Page:Notes and Queries - Series 11 - Volume 9.djvu/489



48$


and nightcaps ; and in 1803 (C.O. 201/27) blue cloth breeches were supplied ; for the women, brown serge jackets and petticoats. This brown uniform had such a depressing effect upon the settlers that when the female convicts went into domestic service they were- allowed to wear a black dress over the brown skirt.

The worst characters amongst the men were garbed in yellow cloth, familiarly spoken of as " canaries," whilst grey was the colour for good conduct.

In ' The Broad Arrow,' by Oline Keese, published in 1859, the first mention of the said sign is met with (p. 287) as being stamped on the backs of the convicts.

E. H. FAIRBROTHEB.


BISHOP JEWEL'S LIBRARY. (See ante, pp. 401, 441.)

1. On 15 December last Mr. Geoffrey G. Butler, Librarian of Corpus, supplied infor- mation thereon' as follows :

" Parker MS. No. 12 is, indeed, an eleventh- century MS. of Gregory's ' De Cura Pastoral! ' Saxonice. There are also at least two other MSS. of the same in Cambridge: (a) MS. Ii. 2. 4 at the University Library. In this is a letter from Bishop Jewel to Parker stating that he had found the book in the Cathedral Library at Salisbury. Parker did not give us all his books, though he did give overwhelmingly the greater part of them and all the best. James, however, in the Intro- duction to our ' Catalogue,' p. xxiii, mentioning this MS. in the University Library and Bishop Jewel's letter in it, says, ' It has been thought thai this letter really refers to (& ) the copy of the same

work at Trinity College R. 5 22.' What seems

certain is that the MS. referred to by Jewel is nol at C.C.C. It is probably in the University Library, perhaps at Trinity."

2. I turned next to Mr. A. G. W. Murray the Librarian of Trinity, with the result that the matter can now be regarded, so far as it is ever likely to become so, as finally settled.

" Our MS. Fv. 5 22 (No. 717 in the printed Cata logue) [writes Mr. Murray on 13 Jan.] is in al probability the one for which you are looking The volume contains three distinct MSS. 1 ' Bedse Historia Ecclesiastica,' fourteenth century 2. ' Vitae Sanctorum et Sanctarum ' (St. Basil St. Eufrosina, St. Agnes, St. Vincent, St. Thoma of Canterbury, and St. Lawrence), twelfth cen tury ; 3. St. Gregory, ' De Cura Pastorali,' in Anglo-Saxon, eleventh century (probably early] The binding is of the second half of the sixteentl century. No. 2 certainly would seem to hav< belonged to Jewel. At the top of the first lea is written, in a sixteenth - century hand, over an erasure : ' Hie liber quondam fuit Jo is Jwel Epi Sar


t tractat de Ainphilochio ficto ; et vide censuran*. ius in replicatione pag. 82, 83, &c. Et vide plursk n indice eius libri.' There are a considerable lumber of MS. notes to the Life of St. Basil,. Apparently in Jewel's autograph. These are hiefly written in the margins, and have, in several ases, been preserved by the outer margins having een folded in when the edges were cut. No. 3 las written in red chalk at the top of fol. 1,. Matthajus Parker,' and over it a note in the 3 ame hand as the note about Jewel : * Hie psus [sic] liber est quern Aluredus Bex misit ad Eccl'iam. Syreburnensem quern & transtulit e >astorali G'egorij latine in Anglicum.' There is- 10 indication of Jewel's ownership in the MS., but t is probably the MS. referred to by him in two etters to Parker, written in Jan., 1568 (1569), and reserved in MS. Ii. 2. 4 in University Library,, jut which are supposed to refer to our MS., and not to the one in which they ara preserved. The etters are said to be printed in Jewel's works,, ed. Jelf, viii. 193, 194."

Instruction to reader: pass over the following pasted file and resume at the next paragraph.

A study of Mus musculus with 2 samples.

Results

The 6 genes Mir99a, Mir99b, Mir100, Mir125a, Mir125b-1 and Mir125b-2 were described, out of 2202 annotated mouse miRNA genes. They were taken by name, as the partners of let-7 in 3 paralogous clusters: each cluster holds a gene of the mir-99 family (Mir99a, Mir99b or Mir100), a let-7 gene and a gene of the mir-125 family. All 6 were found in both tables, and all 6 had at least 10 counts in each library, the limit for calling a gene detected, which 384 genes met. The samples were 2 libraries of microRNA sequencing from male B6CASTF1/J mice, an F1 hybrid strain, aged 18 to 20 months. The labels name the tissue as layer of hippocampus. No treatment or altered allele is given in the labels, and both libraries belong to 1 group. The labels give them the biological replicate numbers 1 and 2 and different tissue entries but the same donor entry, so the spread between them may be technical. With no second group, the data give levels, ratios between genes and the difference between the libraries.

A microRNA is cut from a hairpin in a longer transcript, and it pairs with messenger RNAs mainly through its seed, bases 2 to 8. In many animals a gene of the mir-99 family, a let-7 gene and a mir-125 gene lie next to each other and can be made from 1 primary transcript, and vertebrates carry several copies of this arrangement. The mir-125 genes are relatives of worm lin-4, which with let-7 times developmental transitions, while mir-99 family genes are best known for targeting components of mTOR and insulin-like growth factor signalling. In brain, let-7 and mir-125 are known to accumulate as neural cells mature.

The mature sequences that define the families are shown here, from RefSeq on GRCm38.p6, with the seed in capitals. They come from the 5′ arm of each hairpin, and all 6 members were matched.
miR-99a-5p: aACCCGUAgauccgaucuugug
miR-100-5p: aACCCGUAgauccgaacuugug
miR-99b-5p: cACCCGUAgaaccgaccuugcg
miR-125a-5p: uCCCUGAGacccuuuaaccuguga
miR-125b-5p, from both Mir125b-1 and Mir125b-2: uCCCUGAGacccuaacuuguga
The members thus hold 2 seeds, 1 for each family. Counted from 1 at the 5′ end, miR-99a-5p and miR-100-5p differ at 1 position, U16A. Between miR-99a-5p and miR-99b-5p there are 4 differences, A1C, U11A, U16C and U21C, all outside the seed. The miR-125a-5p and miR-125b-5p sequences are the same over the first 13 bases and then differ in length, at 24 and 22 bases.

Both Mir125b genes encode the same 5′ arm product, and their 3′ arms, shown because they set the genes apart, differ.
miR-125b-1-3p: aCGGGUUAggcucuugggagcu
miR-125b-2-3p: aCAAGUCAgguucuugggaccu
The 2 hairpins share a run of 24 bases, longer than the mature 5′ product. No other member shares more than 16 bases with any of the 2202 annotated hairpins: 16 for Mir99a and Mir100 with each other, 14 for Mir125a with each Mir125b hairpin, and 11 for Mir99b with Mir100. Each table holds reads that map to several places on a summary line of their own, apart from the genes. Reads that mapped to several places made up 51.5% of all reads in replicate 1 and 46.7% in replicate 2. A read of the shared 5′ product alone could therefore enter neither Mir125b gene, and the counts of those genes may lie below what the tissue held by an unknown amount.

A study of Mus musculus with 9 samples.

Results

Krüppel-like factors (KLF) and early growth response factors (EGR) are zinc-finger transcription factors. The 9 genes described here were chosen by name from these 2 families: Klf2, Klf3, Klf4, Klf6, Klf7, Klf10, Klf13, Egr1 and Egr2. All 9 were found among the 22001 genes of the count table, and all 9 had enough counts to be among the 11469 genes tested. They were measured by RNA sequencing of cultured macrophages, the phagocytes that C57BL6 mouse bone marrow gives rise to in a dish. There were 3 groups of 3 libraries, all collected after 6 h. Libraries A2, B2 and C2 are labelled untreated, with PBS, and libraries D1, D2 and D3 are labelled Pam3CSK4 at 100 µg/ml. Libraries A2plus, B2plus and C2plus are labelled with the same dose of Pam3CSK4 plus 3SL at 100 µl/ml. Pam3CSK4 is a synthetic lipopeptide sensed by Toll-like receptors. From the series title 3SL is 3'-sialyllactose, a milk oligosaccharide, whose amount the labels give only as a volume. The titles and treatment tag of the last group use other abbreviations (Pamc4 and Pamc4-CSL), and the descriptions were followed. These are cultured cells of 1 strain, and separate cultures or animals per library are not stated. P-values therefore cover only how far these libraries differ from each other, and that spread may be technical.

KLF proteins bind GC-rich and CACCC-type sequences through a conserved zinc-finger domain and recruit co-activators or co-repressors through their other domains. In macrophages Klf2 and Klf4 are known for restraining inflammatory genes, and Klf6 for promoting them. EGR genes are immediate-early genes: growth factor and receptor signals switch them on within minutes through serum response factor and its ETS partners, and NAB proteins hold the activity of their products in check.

And on 15 January Mr. Murray writes- urther :

" I spent some time in examining the Univ. Lib. MS. (Ii. 2. 4). The result was very incon- clusive, and I do not feel inclined to express an opinion as to whether it or our MS. (either or both) belonged to Jewel. The U.L. MS. was written about the same time as ours, and is considerably- larger. Jewel's two letters to Parker are pasted- in at the end. I doubt if they refer to the volume. Jewel speaks of the volume he is sending to Parker as of ' reasonable bignesse, welneare as thicke as the Communion book.' If by ' Com- munion book ' he means Book of Common Prayer^, the Univ. Lib. MS. cannot be that to which he refers. It is a great deal larger and thicker than any Folio P.B. published at that time. Moreover, Jewel was under the impression that the MS. which he was sending was by ^}lfric. I think, therefore, that the chances are that the- letter does not refer to either of the MSS. If it- does refer to one, it is probably to ours. At the beginning of the Univ. Lib. MS is a note by a Parker scribe : ' Wulffige episcopus decimus Ecclesise Sareburnensis ad cuius Ecclesiam misit rex Aluredus hunc librum Pastoralem Gregorii quern ipse' transtulit,' &c. There is no internal evidence that the MS. came from Salisbury."

The conclusion of the whole matter would seem to be (1) that the MS. sought for is- neither in the Corpus Christi nor the Univer- sity Library, but (if anywhere) in Trinity ; and (2) (which substantiates Mr. Jenkins's, caveat) that Le Bas's description of it is apparently erroneous. He was evidently misled by Jewel's own mistake ; but it is passing strange that, as a Fellow of Trinity,., he did not examine (Mr. Murray's) No. 2, n or even hint that his own College was the possessor of the MS.

3. A closing point illustrative of Jewel's- fondness for books. Le Bas has (p. 210) this passage :

" Another monument of Jewel's munificent spirit, was tte library which he built, at his owi*.